Changing a career can be very stressful, especially if you have been working in the same field since you were in your early twenties or even since you left college. It can be a huge reality shock if you have gotten yourself nice and cozy in your job and your routine, which can be half of the challenge of it. If you are changing your career, you might find that you are faced with a lot of criticism; from your peers, from your current employers, and during any potential interviews you might have.
You need to make sure that you have a good answer for something that is bound to come up in these sessions, especially if you are moving to a whole new type of career, such as accountancy to nursing. You are going to be asked about your change, which is why it is so important to come up with ways that you can make this change make the most amount of sense. ‘Because I wanted to’ is not going to be a good enough reason, and here is how you can back up your reason and reduce the stress of changing your long-term career.
You need to think about your resume
Chances are, if you haven’t changed jobs in a while, it is going to be a bit dusty and possibly only consist of just one entry. Along with this, you are probably going to find that your resume is also outdated in comparison to the formats that some of these business owners will be seeing. This can be something that can be a bit worrying, but with the right assistance, you will be able to master it.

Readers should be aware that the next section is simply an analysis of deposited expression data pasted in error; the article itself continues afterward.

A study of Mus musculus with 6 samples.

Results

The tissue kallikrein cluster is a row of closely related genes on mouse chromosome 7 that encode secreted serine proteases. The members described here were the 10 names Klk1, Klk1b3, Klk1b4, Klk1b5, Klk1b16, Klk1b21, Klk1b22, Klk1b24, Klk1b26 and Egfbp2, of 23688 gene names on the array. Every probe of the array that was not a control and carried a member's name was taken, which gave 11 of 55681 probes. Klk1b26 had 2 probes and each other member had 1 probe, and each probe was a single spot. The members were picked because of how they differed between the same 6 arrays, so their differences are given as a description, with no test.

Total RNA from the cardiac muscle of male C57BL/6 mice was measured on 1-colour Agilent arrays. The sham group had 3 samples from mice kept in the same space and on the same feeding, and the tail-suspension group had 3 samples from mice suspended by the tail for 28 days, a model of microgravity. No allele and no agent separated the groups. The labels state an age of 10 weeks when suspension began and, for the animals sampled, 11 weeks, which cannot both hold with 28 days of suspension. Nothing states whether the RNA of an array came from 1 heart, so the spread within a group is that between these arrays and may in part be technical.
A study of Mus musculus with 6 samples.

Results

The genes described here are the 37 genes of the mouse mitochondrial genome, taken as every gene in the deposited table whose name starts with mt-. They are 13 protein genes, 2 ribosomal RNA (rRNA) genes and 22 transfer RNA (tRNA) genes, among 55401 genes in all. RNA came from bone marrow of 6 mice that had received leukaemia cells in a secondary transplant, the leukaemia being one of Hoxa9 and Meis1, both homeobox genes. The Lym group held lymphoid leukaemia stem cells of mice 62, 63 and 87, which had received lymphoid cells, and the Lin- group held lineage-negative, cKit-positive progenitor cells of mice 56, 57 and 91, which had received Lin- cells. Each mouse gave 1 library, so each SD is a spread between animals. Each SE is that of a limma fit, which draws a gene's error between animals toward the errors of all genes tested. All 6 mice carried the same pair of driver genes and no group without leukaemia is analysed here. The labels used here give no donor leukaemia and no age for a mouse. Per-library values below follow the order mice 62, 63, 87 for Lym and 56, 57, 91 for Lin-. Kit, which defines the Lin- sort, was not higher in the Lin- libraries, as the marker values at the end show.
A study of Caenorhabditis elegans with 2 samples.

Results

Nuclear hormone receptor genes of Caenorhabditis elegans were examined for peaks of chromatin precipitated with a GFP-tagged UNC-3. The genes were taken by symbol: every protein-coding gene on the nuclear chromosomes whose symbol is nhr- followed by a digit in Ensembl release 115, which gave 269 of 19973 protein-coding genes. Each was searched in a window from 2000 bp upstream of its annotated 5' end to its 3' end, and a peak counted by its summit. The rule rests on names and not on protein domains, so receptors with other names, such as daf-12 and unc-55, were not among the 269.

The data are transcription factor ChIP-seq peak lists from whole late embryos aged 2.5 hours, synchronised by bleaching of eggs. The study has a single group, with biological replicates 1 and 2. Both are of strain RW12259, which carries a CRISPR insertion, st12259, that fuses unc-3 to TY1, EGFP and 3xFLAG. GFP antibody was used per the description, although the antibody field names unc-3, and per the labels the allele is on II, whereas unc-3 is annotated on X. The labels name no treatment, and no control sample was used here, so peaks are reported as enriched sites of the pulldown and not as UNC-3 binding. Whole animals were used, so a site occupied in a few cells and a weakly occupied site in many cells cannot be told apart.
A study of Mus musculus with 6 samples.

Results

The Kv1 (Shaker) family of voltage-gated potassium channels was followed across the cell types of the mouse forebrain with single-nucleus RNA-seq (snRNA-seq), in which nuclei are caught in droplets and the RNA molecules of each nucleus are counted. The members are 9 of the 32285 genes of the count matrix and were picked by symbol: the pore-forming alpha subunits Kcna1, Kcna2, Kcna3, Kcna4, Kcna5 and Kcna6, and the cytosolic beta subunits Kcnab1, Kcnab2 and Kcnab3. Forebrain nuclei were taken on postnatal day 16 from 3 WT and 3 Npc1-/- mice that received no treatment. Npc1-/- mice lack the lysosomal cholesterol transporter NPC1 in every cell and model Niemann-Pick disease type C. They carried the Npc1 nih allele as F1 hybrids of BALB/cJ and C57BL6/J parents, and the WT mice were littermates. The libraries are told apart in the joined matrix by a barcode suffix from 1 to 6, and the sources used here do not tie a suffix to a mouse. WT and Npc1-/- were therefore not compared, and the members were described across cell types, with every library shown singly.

You need to take a look around and do some research into the best resume format for the kind of job you want, be clear and concise and make your resume catch your potential future employers’ eye. You want to be in the position to turn companies down and have you pick them, not for them to pick you.
You need to keep a level head
You are going to need to understand that the people who are interviewing you don’t know you and will therefore ask some painfully obvious (or even invasive) questions. They will want to see how you react under pressure; they will want to make sure that you are suitable for their job. You might even find that when you get into the interview and see how they talk to you and each other, you don’t want to work with them.
Keep a level head and a clear mind, and you might be able to make the right decisions. There can be a lot of stress for both you and the interviewer at this time, so you need to use your own expertise to be able to see if this is somewhere that you want to work and whether it is worth being recruited by a bully who does not respect you, or taking a little longer to look for a job.